It is safe to assume that many of us stepped into what can only be described as a veritable flood of new legislative updates and proposed amendments when we arrived for our first day at the office following the holiday period. This is of course the result of the FSB publishing a host of documents between the 15th and 23rd of December last year. It certainly seems that the December publication dates have become the norm providing industry with plenty of holiday reading.
Of specific interest is the:
The RDR Status Update is a lengthy document and we recommend that our readers familiarise themselves with the contents thereof. It is important to note that this is an update only and does not constitute any form of regulation in its current form. However, the proposed amendments are a precursor to achieve much of the intended changes envisaged in phase I of the RDR implementation.
For anyone who was present at the Insurance Regulatory Seminar in November it would’ve become abundantly clear that the regulator is taking a firm stance when it comes to binder agreements and outsourcing arrangements. The reason for this is the associated abuses that have taken place in that space over the years.
What follows below is a high level snapshot of what we believe to be the most important aspects in respect of binder and outsourcing arrangements. Understandably, it is not possible to discuss each and every detail in this newsletter. However, your compliance officer will engage with you on this and we will also be running national workshops on these and other topics.
|•||The definition of “Associate”, as defined in the FAIS General Code has been widely expanded to include other juristic entities with mutual directors and significant owners. This is a simple anti-avoidance measure to ensure underwriting managers (“UMAs”) do not conduct business with associated intermediaries.|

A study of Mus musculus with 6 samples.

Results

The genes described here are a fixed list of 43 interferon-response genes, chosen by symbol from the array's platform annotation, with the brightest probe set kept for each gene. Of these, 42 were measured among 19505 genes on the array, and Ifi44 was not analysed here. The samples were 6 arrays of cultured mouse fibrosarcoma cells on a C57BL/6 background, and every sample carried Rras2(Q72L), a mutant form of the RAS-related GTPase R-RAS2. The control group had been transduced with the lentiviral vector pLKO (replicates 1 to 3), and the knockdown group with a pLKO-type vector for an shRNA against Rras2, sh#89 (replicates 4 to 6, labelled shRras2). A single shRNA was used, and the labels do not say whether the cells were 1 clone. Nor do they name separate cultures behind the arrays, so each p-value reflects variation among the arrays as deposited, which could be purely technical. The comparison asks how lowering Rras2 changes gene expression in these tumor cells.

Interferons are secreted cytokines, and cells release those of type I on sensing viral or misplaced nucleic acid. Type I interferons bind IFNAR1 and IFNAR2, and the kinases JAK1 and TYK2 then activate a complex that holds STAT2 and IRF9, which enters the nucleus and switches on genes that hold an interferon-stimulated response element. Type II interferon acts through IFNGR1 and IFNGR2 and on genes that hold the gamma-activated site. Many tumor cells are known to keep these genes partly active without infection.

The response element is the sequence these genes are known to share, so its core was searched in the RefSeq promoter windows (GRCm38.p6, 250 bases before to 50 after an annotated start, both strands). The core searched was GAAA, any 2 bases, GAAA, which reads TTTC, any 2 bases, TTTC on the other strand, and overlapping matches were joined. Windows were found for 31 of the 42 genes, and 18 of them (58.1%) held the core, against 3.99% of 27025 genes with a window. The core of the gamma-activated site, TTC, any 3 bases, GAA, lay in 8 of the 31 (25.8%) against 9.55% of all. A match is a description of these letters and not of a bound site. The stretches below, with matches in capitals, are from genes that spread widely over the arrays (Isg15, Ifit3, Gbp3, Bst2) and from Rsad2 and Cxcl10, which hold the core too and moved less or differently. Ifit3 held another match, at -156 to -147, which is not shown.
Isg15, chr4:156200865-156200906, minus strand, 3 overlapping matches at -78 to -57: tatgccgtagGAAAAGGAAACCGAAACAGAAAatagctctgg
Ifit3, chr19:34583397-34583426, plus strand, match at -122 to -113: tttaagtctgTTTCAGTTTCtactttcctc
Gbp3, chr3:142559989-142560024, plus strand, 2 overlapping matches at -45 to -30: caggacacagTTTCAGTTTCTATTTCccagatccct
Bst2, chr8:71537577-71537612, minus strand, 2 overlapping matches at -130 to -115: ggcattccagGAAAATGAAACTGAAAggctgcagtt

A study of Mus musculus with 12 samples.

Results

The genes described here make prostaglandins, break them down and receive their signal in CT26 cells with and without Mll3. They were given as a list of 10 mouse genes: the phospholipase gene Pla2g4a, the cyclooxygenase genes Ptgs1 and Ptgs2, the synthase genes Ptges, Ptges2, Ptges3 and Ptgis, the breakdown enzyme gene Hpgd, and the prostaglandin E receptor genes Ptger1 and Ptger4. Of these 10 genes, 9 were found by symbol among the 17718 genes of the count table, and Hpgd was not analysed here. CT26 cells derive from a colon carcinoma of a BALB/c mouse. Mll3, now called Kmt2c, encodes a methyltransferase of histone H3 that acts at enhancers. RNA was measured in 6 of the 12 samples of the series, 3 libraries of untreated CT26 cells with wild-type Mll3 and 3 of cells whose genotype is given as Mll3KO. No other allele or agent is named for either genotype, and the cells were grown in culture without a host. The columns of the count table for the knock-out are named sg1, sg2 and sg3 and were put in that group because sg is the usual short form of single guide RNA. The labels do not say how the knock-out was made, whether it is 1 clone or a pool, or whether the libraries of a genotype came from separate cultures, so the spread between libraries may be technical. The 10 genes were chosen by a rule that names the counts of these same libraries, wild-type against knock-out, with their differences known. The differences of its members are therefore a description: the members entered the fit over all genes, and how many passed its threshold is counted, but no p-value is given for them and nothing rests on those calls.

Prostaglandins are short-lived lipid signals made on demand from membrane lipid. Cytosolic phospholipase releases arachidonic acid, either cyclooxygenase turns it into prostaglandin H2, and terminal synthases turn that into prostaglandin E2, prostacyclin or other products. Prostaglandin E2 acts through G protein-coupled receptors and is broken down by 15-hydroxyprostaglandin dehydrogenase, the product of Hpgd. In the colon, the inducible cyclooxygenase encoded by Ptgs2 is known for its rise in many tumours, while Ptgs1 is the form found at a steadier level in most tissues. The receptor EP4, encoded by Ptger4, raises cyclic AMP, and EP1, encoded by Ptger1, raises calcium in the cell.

|•||Binder agreements and outsourcing will only be allowed where it can be illustrated that the binder agreement or outsourcing leads to enhanced efficiencies.|
|•||Insurers will have to put strict governance measures in place and perform regular oversight on their binder holders.|
|•||It will be a requirement that real time data exchanges between Insurers and binder holders take place.|
|•||Non-mandated intermediaries (“NMIs”) who are licensed to provide advice will be limited to performing only the binder functions of entering into, varying or renewing policies and the settling of claims. This effectively means that NMIs who are licenced to provide advice will only be able to perform two of the five possible binder functions.|
|•||Fee caps are proposed at 2% per function for NMIs licenced to provide advice, which effectively means that the maximum binder fee earnable by these NMIs will be 4%. This is a major reduction from the current norm of 6-8%.|
|•||A new function defined as “Policy Data Administration Services” is created. The regulations set out conditions for which this function may be paid for by Insurers and received by parties performing the service. The fee is capped at 2% and not payable to binder holders as “data maintenance” is incidental to the performance of the binder function and the fee is included in the binder fee payable.|
|•||NMIs which are licenced to provide advice may not hold binder agreements in respect of commercial lines policies.|
|•||Wider allowance for application for exemption from the regulations is provided for. It is however unclear at this stage which factors would need to be present and motivated to qualify for exemption.|
|•||The envisaged implementation date is 1 May 2017 with an alignment date for current arrangements by 31 December 2017.|
|•||Industry comments to be submitted to the regulator by 22 February 2017.|
In addition, the regulations provide general guidelines on the aspects which will govern remuneration structures in general and also addresses the position of the so-called “Section 8(5) fees” in terms of the STIA. We will expand on these developments in a follow-up bulletin.